Israel is intensively lobbying countries around the world to oppose a UN resolution criticising President Donald Trump's decision to recognise Jerusalem as Israel's capital, Israeli officials said.
Thursday's vote in the UN General Assembly will indicate whether Prime Minister Benjamin Netanyahu has succeeded in his efforts to drum up new pockets of support in the developing world, as well as the extent to which Israel and the US are or are not alone on the question of Jerusalem.
The Palestinians have turned to the General Assembly after the US vetoed a resolution this week in the Security Council calling on Trump to rescind his decision. While General Assembly votes, unlike Security Council resolutions, are not legally binding, they serve as a barometer of international sentiment on key issues.
The US and Israel are both placing great weight on Thursday's vote. US Ambassador Nikki Haley threatened UN member states with possible retaliation if they support the resolution, saying Trump takes the vote "personally" and the US "will be taking names." Critics accused the US of intimidation.
Israel's deputy foreign minister, Tzipi Hotovely, said that the US and Israel were making "immense efforts" to block the resolution.
"We have a very, very simple message: Jerusalem is the capital of the Jewish people for 3,000 years and the capital of Israel for almost 70 years," she told Channel 10.
An Israeli Foreign Ministry official confirmed the government was making a "very vast" lobbying campaign to minimise the resolution's impact.
He said Israel is trying to persuade allies to abstain or even vote against it. He also said that Israel has asked Jewish organisations in certain countries to lobby their governments on Israel's behalf.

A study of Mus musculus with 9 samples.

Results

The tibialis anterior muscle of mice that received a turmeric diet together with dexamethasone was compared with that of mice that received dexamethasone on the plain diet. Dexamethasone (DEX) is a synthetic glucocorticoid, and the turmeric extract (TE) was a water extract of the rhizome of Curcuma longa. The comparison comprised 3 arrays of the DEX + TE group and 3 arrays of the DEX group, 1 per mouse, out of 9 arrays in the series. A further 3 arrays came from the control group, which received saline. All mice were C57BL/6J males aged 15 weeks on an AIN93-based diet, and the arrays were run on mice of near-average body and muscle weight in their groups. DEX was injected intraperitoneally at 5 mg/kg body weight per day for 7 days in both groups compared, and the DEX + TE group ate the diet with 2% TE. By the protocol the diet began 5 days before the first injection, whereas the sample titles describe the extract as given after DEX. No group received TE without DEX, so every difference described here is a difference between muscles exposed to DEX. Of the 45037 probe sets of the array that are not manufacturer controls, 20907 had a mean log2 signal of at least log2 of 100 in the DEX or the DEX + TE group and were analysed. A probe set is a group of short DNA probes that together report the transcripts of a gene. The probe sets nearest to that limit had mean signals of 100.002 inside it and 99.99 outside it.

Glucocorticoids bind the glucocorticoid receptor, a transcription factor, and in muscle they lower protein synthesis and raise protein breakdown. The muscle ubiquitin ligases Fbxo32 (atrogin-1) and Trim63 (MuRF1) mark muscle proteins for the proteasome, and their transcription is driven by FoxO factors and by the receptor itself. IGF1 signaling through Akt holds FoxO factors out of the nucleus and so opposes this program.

The official, speaking on condition of anonymity because he was discussing sensitive diplomatic contacts, refused to identify which countries Israel has approached or say how he expects them to vote. But he said he thinks the campaign will be "successful to a certain extent."
In some ways, the vote is a test of Netanyahu's foreign policy. In recent years, the Israeli leader has invested great efforts to look beyond Israel's traditional allies in Washington and Western Europe and cultivate ties with developing nations that have traditionally been supportive of the Palestinians.
He has portrayed these efforts as both a savvy strategy aimed at opening new markets for Israeli technology exports, as well as countering what Israel says is a deep-seated bias against it at the United Nations.
This year alone, Netanyahu has visited China and hosted India's prime minister, Narendra Modi. He also has attended two summits in Africa, meeting with a host of leaders from across the continent, and in September, became the first sitting Israeli prime minister to visit Latin America with stops in Argentina, Mexico and Colombia.
The votes cast by these countries will provide an indication about whether the diplomatic outreach is paying off.
Votes by other key allies with traditionally close ties to Israel, including Germany, Britain, Australia, Canada and smaller European countries like the Netherlands, Poland and Hungary, could also provide valuable indicators about support for the US-Israeli approach.
Many of these countries either abstained or opposed a landmark 2012 vote in the General Assembly that recognised Palestine with upgraded status as a nonmember state.
The Israeli official said a single vote at the UN on Thursday would not determine the success of Israel's diplomatic outreach. But he said "this is certainly part of it."
A draft of the UN resolution obtained by The Associated Press calls for affirming that any actions that "have altered the character, status or demographic composition of the Holy City of Jerusalem" have no legal effect and must be rescinded.